Maverick Science Student Stories


Campus Involvement: Science Ambassadors

Fun Fact: Loves to do jigsaw puzzles; has swum with Beluga whales

I grew up in Arlington, as well as in neighboring cities through middle and high school. While I didn’t spend all my formative years in Arlington, I consider it my true home and moved back to the city a few years ago.

I am not a “typical” college student, nor did I follow the “traditional” path many students take. Even though UTA is the university where I have found the most opportunities, diverse communities, and positive role models, I did not start my academic career here. After high school, I was diagnosed with narcolepsy with cataplexy, so I had to spend some time managing my chronic illness with a variety of medicines and routines, which made me start college years after I graduated high school. Once my disability was minimized and I was able to start actually living my life, I entered community college, where I completed some general education courses. I then transferred to a university out of state because I thought I would want to leave home and explore what the world had to offer. That university ended up lacking opportunities for biology-focused students, as well as diverse students and faculty. I just wasn’t happy there, so when the pandemic hit, I knew that I had an opportunity to leave and join a university that treasured the same values I did. After doing some research on universities, I quickly realized that UTA was for me. Tons of research opportunities, high diversity in both students and faculty, and jobs that I actually wanted to do while in school were all major points of consideration for choosing this amazing university. Since starting at UTA I have had the most amazing opportunities, met the kindest people, and am on track to attend graduate school to get my Ph.D.

Ironically, my love for biology came from a non-science major introductory biology course. While that class was not too in-depth, I was amazed by the mechanisms specific cells employed to protect us when pathogens invade, the metabolic processes of energy production, and the transcription of specific genes to translate specific proteins. Once I switched my major to biology, I realized I wanted to have classes more centered around prokaryotic and eukaryotic cells and cellular interactions. I then changed my major to microbiology, and I haven’t looked back.

The experiences I have had a UTA, including formative major-specific classes, my job as a Science Ambassador, and my undergraduate research in calcium signaling in muscle cells have prepared me for the career of becoming a research scientist. At UTA I have learned how to read and analyze research papers, think critically to connect complex concepts to cultivate independent research ideas, and verbalize difficult scientific topics to a variety of age groups to educate others.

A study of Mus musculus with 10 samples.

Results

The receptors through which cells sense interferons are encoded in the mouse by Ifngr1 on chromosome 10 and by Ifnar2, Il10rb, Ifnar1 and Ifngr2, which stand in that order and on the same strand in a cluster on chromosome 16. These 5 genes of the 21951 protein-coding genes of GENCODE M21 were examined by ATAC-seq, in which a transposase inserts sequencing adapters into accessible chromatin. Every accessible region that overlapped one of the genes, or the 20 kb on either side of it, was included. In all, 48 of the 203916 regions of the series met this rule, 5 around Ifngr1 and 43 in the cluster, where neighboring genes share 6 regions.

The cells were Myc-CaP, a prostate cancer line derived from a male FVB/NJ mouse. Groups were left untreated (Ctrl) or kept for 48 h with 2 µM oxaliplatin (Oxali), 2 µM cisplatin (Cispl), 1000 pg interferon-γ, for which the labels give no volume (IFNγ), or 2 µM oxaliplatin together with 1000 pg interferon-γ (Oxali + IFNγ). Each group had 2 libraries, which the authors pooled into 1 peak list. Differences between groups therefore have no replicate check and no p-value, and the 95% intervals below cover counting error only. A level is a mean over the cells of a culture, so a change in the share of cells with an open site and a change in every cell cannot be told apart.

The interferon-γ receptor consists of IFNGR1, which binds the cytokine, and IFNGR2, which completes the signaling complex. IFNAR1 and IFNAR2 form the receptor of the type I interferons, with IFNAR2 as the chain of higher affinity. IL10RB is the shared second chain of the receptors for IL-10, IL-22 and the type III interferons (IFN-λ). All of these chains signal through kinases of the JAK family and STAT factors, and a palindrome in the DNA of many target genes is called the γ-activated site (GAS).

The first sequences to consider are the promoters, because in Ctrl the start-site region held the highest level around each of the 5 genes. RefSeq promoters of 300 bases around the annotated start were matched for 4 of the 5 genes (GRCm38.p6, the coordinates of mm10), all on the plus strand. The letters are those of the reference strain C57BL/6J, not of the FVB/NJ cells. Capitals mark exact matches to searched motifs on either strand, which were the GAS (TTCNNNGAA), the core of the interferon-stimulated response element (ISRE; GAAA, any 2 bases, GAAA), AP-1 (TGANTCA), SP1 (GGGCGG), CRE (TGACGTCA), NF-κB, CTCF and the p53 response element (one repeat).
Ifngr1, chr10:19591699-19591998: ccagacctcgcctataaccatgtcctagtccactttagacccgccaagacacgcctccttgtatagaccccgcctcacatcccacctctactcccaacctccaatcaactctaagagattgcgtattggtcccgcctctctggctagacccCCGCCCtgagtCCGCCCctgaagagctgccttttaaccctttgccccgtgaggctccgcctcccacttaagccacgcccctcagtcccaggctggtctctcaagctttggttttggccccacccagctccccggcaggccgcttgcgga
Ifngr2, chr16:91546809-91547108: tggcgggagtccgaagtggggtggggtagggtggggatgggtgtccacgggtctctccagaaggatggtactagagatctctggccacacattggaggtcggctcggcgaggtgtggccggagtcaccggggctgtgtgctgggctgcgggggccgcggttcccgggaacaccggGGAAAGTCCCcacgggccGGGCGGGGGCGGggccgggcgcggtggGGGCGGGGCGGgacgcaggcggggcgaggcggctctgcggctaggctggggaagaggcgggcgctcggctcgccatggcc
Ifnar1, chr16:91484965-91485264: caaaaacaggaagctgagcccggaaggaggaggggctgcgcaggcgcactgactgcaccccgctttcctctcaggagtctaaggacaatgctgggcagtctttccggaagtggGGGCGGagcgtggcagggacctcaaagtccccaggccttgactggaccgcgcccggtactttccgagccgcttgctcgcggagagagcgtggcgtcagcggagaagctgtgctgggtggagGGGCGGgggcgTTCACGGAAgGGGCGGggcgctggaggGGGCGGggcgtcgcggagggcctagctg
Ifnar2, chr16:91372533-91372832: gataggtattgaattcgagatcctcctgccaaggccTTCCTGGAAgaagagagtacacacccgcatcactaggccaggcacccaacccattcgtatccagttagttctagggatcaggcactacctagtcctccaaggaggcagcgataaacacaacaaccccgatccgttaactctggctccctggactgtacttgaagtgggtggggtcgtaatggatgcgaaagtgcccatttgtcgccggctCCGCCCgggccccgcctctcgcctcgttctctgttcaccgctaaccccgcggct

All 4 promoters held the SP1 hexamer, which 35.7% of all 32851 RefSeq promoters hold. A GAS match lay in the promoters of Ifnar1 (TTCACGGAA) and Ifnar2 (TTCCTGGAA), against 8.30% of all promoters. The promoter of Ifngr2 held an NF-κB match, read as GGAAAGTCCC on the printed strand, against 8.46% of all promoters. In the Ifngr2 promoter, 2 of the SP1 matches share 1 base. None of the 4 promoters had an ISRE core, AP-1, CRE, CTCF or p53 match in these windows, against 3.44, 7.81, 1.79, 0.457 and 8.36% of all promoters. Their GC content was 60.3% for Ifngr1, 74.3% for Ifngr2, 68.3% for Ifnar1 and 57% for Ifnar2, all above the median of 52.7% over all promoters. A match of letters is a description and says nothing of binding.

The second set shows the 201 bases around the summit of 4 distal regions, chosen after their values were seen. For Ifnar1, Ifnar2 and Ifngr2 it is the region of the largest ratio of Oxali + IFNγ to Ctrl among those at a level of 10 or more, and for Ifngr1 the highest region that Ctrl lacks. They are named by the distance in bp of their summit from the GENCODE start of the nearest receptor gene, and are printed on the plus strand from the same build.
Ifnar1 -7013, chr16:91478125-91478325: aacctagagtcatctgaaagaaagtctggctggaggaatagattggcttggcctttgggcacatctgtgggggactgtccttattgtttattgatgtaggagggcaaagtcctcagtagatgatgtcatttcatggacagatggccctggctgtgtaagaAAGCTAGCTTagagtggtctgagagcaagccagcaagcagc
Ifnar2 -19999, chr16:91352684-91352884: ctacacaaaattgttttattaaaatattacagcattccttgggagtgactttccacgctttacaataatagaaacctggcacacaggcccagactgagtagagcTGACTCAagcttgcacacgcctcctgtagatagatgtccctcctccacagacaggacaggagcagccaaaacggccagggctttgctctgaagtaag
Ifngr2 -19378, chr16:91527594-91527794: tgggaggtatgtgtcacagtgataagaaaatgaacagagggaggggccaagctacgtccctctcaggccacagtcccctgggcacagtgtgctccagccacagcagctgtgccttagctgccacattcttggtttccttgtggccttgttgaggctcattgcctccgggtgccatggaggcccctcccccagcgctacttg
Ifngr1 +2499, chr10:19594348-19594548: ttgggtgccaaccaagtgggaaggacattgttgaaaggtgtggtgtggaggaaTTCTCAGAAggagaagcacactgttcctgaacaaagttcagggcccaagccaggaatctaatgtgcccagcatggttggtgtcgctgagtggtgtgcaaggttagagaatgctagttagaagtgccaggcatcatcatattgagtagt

I love the diversity on campus. I have met students who are mothers, first-generation college students, international students, students with disabilities like myself, etc. who inspire me daily. To interact with people who are all here to learn and grow, regardless of when they started college, where they came from, or other factors that influence life has cultivated a positive environment on campus.

After one semester at UTA, I felt that I could add a campus job to my schedule. The Science Ambassadors position caught my eye. My first job was as a swim instructor and swim coach, so I was used to teaching and interacting with people ranging in age from 2 to 70 years old. When I applied, I knew that I would most likely be a graduate teaching assistant when I went to graduate school. With that in mind, I wanted to have some experience in performing scientific demonstrations accompanied by explanations, as it would give me the skills needed to confidently perform and teach in front of a class in the future. The best part of my job as a Science Ambassador is inspiring the students, especially the ones in high school who are starting to consider what they want to do in life. To inspire future scientists is surreal and an amazing feeling.

I would tell anyone who was considering joining UTA and the College of Science to get involved in undergraduate research as early as possible, preferably around their second semester of college. I would also tell them that UTA has an Office of Undergraduate Research that offers great advising and other resources and that they absolutely should take advantage of those. Lastly, I would suggest double-majoring in microbiology and biology if your plan already involves one of those majors. The courses overlap greatly, and it will be a huge benefit when applying to graduate and medical schools.

After graduation I plan on either going to graduate school with the intention of getting my Ph.D. in molecular and cellular biology or working as a post-baccalaureate research assistant in a lab focused on autoimmune diseases. My end goal is to become an associate professor at a university, where I can teach as well as conduct my own research focused on autoimmune diseases.